According to the data, the likelihood of a hurricane developing into a category 3 storm or greater, with sustained winds of over 177 kilometres per hour (110 miles per hour), has increased by about 8 percent every decade since 1979.
"Our results show that these storms have become stronger on global and regional levels, which is consistent with expectations of how hurricanes respond to a warming world," says climate scientist James Kossin from the National Oceanic and Atmospheric Administration (NOAA).
Climate researchers have long suspected there would be an increase in stronger hurricanes, since warmer ocean temperatures and added moisture in the atmosphere tend to energise these storms.
Real-world data, however, has been trickier to come by. Hurricanes – also known as tropical cyclones and typhoons, depending on where they originate – only appear sporadically, and can be difficult to study. Plus, these storms are often ignored if they don't directly impact upon on humans.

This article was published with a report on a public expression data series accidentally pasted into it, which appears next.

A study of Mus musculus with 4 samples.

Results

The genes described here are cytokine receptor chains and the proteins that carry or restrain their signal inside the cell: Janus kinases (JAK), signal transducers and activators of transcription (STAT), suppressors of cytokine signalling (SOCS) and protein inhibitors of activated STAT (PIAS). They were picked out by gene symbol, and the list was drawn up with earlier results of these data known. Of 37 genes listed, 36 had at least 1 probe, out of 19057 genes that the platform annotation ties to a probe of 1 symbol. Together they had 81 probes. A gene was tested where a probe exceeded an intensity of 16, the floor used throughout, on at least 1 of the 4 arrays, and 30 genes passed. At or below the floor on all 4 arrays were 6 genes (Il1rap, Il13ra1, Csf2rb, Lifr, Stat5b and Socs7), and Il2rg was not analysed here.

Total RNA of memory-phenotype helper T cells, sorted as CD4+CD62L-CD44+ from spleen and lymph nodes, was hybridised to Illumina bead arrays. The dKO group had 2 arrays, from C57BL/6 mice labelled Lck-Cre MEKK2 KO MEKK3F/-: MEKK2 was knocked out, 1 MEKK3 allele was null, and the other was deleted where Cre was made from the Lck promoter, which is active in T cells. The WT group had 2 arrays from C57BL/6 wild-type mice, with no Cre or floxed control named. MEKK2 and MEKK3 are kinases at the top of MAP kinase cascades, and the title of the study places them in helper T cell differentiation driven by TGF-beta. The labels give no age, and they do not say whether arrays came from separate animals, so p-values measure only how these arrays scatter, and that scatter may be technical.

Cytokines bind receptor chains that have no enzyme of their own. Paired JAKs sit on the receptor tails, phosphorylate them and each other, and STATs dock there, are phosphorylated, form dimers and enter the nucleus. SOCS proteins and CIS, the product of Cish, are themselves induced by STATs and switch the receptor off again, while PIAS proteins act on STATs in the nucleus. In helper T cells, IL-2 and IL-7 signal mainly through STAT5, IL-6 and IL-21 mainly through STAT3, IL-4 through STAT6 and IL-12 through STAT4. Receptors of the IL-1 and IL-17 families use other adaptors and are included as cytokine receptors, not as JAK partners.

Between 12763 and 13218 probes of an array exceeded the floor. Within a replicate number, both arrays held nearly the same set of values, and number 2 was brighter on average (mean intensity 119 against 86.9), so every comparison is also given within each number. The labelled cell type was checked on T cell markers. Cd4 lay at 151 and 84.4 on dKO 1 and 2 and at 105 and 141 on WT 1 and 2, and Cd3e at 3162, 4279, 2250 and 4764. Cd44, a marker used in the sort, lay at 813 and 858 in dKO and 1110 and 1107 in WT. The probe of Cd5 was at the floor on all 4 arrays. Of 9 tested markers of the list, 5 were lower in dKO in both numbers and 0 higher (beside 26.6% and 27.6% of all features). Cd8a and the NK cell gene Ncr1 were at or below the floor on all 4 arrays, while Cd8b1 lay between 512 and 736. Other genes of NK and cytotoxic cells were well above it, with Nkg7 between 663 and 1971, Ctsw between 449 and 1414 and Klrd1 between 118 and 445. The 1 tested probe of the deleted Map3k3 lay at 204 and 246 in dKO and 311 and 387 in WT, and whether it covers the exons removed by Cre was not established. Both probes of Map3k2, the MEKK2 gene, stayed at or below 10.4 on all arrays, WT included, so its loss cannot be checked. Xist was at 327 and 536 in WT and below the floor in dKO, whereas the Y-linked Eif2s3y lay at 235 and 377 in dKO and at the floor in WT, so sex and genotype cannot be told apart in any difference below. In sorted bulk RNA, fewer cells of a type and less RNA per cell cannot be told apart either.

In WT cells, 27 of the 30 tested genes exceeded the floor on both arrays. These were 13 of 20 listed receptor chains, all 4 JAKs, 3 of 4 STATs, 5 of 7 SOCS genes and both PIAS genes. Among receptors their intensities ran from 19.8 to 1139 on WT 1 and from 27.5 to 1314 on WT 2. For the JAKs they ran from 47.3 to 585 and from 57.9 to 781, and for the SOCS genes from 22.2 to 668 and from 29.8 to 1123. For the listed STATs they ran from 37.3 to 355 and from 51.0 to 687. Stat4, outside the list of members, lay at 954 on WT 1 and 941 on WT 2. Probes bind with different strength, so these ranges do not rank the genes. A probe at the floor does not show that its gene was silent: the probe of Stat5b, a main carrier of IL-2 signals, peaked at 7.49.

"The main hurdle we have for finding trends is that the data are collected using the best technology at the time," says Kossin.
"Every year the data are a bit different than last year, each new satellite has new tools and captures data in different ways, so in the end we have a patchwork quilt of all the satellite data that have been woven together."
Thanks to computers though, which can help us to interpret satellite images of storms around the world, the team has now shown that from 1979 to 2017 there was a detectable trend toward stronger hurricanes – and this matches up consistently with greenhouse warming simulations.